In this episode of the University of Liverpool Podcast Kieran Maguire, a Senior Teacher in Accountancy at the University of Liverpool and a football finance expert, discusses the controversial issue of football finance in the UK.
He considers the city of Liverpool's plan to underwrite Everton Football Club’s new stadium and asks: how much risk is too much risk?
When it comes to sport, they say winning isn’t everything, and it’s the taking part that counts. But when the sport in question is English football’s Premier League, where global multi-million dollar brands like Manchester United, Chelsea, Arsenal, Tottenham Hotspur, Liverpool and Manchester City battle for the title, not winning could be the difference between incredible wealth – or financial ruin.
Each year, three football clubs out of 20 are relegated from the Premier League to the league below, the Championship. Relegation is not just a disappointment for fans, it means a huge reduction in income for the club. In the Premier League, average income from television rights is £100m per club. In the Championship, it is just £5m.
And for a significant number of Premier League clubs, television income accounts for most of their turnover.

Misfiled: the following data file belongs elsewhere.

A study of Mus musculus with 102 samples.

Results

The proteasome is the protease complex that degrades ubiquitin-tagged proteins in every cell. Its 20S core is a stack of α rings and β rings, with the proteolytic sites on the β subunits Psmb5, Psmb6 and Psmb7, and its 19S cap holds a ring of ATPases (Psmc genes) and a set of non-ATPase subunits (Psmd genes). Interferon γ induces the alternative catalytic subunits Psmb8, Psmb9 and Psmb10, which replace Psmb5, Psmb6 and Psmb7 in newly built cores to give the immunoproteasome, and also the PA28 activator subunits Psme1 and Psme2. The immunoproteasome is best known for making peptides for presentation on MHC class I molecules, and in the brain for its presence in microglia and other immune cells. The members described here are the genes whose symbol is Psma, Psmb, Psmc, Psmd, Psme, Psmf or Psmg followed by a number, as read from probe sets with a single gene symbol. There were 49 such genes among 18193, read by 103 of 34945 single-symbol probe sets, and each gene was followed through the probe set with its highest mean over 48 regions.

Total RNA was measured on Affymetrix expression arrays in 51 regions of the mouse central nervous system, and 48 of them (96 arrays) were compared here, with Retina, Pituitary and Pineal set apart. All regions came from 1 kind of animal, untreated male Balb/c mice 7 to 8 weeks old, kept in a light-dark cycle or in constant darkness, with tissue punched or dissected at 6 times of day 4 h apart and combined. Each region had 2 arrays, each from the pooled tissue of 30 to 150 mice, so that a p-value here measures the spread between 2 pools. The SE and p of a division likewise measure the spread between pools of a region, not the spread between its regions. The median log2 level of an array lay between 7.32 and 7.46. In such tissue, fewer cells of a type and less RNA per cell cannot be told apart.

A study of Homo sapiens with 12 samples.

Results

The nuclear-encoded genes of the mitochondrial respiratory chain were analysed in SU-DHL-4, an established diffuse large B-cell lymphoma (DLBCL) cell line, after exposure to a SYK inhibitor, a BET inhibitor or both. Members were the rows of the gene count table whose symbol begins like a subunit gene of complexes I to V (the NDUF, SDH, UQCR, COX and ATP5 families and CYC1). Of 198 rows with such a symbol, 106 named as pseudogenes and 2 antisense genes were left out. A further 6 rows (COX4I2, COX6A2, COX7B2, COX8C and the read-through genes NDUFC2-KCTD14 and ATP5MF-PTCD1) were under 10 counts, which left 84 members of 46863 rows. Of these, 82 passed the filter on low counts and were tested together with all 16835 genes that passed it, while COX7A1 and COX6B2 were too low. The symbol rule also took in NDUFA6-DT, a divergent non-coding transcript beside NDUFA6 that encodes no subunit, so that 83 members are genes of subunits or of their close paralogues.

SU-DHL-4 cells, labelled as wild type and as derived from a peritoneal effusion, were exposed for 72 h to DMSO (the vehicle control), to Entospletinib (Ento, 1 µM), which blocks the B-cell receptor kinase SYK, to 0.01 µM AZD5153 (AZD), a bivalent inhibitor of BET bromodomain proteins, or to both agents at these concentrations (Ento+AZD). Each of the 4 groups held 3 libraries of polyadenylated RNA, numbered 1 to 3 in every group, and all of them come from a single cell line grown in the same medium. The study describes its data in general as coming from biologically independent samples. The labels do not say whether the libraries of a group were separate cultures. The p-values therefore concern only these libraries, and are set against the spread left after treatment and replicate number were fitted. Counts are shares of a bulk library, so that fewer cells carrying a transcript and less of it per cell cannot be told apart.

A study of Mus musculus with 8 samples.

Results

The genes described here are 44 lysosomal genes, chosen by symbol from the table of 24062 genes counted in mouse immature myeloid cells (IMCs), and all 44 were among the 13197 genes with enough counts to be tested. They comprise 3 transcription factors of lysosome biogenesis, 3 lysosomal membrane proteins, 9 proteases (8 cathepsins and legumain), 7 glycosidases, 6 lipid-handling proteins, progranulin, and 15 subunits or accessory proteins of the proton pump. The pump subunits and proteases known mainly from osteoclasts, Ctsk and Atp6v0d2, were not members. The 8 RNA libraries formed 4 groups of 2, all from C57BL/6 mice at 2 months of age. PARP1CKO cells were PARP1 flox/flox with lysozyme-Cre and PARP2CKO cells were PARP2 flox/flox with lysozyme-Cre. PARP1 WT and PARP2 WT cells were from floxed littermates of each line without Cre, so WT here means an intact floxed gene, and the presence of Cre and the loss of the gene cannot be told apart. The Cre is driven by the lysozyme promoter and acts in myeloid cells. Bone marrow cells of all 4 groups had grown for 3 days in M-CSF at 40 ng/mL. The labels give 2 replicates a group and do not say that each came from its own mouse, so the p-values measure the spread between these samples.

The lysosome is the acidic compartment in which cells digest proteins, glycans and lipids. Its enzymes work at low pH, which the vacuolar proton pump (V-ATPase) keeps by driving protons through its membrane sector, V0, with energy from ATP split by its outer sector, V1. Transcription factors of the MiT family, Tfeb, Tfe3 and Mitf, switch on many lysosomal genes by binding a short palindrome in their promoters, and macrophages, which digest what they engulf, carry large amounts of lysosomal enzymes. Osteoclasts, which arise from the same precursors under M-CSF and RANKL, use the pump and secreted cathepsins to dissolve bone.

In those circumstances, how accurately can you assess the creditworthiness of a mid-table club? Liverpool’s ‘other’ club, Everton, for example, want to borrow £300m to fund a new stadium in the city.
As an asset, the stadium will be used 20 or 25 days per year. Over the last 10 years, Everton’s operating loss is well over £100m. And they are only ever a few injuries and a string of bad results away from relegation into the Championship.
Kieran says: “What Everton has in its favour is that it’s not been relegated since the Premier League was started in 1992. And before that, Everton was a successful team in the old English First Division.
“But then, you could perhaps argue that the likes of Aston Villa and Newcastle have also – historically – been successful teams. Both of those teams were relegated to the Championship in 2016. Newcastle have been promoted back up again, but Aston Villa – despite spending huge amounts of money – failed in the Championship and finished mid-table.”
All of which means at least another year of vastly reduced TV income and unexpected financial pressure – making it ever hard to climb back into the top tier, and back into the big time financially.
No ‘normal’ business would base its operating model on such risky foundations, but for Premier League football teams, taking substantial financial risks might be the only way to succeed.